Dakota Gardener: Best Vegetable Varieties for North Dakota
The first step to growing a great garden is to sow great varieties.
What’s the best way to find a great variety for us in North Dakota?
Ask your neighbor. Or better yet, ask hundreds of gardeners in North Dakota who test varieties for North Dakota State University. Last year alone, 320 families tested promising varieties in their backyard gardens. We’ve been doing these tests every summer since 2008.
We’ve discovered lots of great varieties through the years. The following are a few of the finest.
The best pea is ‘Lincoln.’ This heirloom produces high yields of delicious peas and is great for freezing. ‘Sugar Ann’ is our champion snap pea. This variety ripens early and produces big crops of sweet, crisp pods.
We’ve tested many bean varieties, and the one that generates the most excitement is ‘Crockett’ filet bean. Have you ever grown a filet bean? Try it! They are very crisp, slender and full of flavor. ‘Crockett’ produces amazing yields of dark green pods.
I invite you to sow burpless cucumbers. They produce the finest cucumbers for fresh eating. Burpless cucumbers have thin skins, small seeds, crisp flesh and refreshing flavor. ‘Summer Dance’ ripens early, produces a large yield and resists diseases. You will be dancing for joy.
For pickling, ‘Homemade Pickles’ is our all-time favorite. Its cucumbers are crisp, small-seeded and blocky. Its vines are productive and resist diseases.
Gardeners in our lettuce trials look for varieties that tolerate heat. ‘Buttercrunch’ is a popular classic and does well in our trials.
Try a Batavian lettuce. This type of lettuce produces crisp, wavy, delicious leaves all summer.
‘Muir’ and ‘Nevada’ are outstanding Batavian varieties. Other notable varieties of lettuce include ‘Alkindus,’ ‘Fusion,’ ‘Red Sails’ and ‘Bergam’s Green.’
Tolerance to heat is important also with spring-sown spinach. Our team prefers smooth-leaf varieties, which are easier to clean. ‘Space’ produces impressive yields of flavorful leaves in spring and summer.
Growing pumpkins is fun. ‘Neon’ is the easiest variety to grow in North Dakota. You will be amazed to see its bright orange pumpkins glowing in your garden in August, weeks ahead of all other varieties. Its vines are compact and won’t overrun the garden.
My kids like giant pumpkins, but most varieties require constant maintenance and produce big, ugly fruits. ‘Big Moose’ pumpkins will grow to 50 pounds without any special care. Its fruits are reddish orange and beautiful.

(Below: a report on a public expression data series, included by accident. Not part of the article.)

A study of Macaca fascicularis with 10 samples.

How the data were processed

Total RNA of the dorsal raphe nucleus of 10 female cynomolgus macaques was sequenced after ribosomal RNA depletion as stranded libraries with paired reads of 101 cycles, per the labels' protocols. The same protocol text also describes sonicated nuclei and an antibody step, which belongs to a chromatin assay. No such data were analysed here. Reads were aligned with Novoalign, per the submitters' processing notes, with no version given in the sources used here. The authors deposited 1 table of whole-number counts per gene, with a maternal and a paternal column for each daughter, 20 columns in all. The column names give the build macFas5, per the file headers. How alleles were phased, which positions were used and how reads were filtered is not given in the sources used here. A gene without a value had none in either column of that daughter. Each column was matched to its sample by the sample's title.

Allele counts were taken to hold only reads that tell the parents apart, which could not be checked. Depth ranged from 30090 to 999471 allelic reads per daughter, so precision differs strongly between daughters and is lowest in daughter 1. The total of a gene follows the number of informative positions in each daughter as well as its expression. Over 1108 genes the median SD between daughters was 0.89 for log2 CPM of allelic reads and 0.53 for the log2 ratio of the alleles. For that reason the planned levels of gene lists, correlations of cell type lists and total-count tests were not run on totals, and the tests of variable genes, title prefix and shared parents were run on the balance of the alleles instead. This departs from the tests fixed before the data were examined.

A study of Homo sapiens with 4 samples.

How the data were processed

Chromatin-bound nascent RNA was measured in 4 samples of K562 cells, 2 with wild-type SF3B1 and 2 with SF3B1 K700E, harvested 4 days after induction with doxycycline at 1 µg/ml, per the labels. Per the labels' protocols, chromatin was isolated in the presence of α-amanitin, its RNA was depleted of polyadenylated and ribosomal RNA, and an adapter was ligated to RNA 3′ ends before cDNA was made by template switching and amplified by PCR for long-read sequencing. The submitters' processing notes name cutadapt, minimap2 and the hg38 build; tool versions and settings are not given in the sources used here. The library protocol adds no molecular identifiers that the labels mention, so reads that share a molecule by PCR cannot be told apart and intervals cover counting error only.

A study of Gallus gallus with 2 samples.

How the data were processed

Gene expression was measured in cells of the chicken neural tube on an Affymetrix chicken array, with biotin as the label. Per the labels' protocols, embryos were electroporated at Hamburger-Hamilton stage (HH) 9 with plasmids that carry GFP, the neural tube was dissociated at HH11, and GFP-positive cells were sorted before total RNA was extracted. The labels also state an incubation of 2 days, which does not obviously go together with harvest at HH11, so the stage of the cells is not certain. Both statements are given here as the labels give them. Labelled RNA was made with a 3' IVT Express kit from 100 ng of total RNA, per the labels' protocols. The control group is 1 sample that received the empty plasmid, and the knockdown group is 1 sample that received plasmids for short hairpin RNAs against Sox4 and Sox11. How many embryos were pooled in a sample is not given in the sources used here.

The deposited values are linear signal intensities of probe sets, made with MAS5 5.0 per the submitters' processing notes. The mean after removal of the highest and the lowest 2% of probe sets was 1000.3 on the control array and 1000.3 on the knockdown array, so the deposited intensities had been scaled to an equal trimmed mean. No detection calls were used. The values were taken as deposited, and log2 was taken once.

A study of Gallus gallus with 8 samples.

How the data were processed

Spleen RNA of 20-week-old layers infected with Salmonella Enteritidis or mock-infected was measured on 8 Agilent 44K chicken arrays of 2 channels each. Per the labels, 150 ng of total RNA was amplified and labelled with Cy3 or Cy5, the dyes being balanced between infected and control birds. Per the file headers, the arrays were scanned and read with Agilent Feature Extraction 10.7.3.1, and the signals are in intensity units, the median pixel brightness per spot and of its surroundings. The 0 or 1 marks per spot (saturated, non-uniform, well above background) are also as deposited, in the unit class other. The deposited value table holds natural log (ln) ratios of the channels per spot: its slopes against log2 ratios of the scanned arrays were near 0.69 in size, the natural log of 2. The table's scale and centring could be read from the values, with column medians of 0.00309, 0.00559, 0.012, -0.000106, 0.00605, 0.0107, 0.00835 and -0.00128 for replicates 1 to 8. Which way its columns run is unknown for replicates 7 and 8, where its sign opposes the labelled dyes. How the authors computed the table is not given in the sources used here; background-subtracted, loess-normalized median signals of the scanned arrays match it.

The most stunning vegetable is ‘Bright Lights’ Swiss chard. Its colorful stems are so vibrant they would stand out in your flower garden. It’s a showstopper!
Growing melons in North Dakota is hard due to our short growing season. The best watermelon in our trials through the years has been ‘Sweet Dakota Rose.’ It was bred here, and many gardeners will tell you it is the best tasting watermelon they ever have eaten.
Another special melon that grows well here is the Galia melon. It has green flesh that is sweet and aromatic. ‘Arava’ and ‘Passport’ are reliable and flavorful.
As for tomatoes, I encourage you to try ‘SunSugar.’ Its vines produce an abundant supply of orange cherry tomatoes that are absolutely delicious.
Our list of recommended vegetable varieties for 2021 is available on our website. Do an online search for “North Dakota Home Garden Variety Trials” or go directly to the site at https://www.ag.ndsu.edu/homegardenvarietytrials.
I invite you to join our team this spring to try some of these winners as well as some new vegetable varieties. We test herbs and cut flowers, too. The trials are simple, and the entire family can get involved. Go to the Home Garden Variety Trials website and sign up to receive our online catalog.
For more information about gardening, contact your local NDSU Extension agent. Find the Extension office for your county at https://www.ag.ndsu.edu/extension/directory/counties.
K. William Boyer is the Managing Editor of the Devils Lake News Journal. He can be reached at email@example.com, or by phone at (701) 662-2127.
Be sure to follow Devils Lake Journal on our twitter page, @devilslakenews, and like us on Facebook!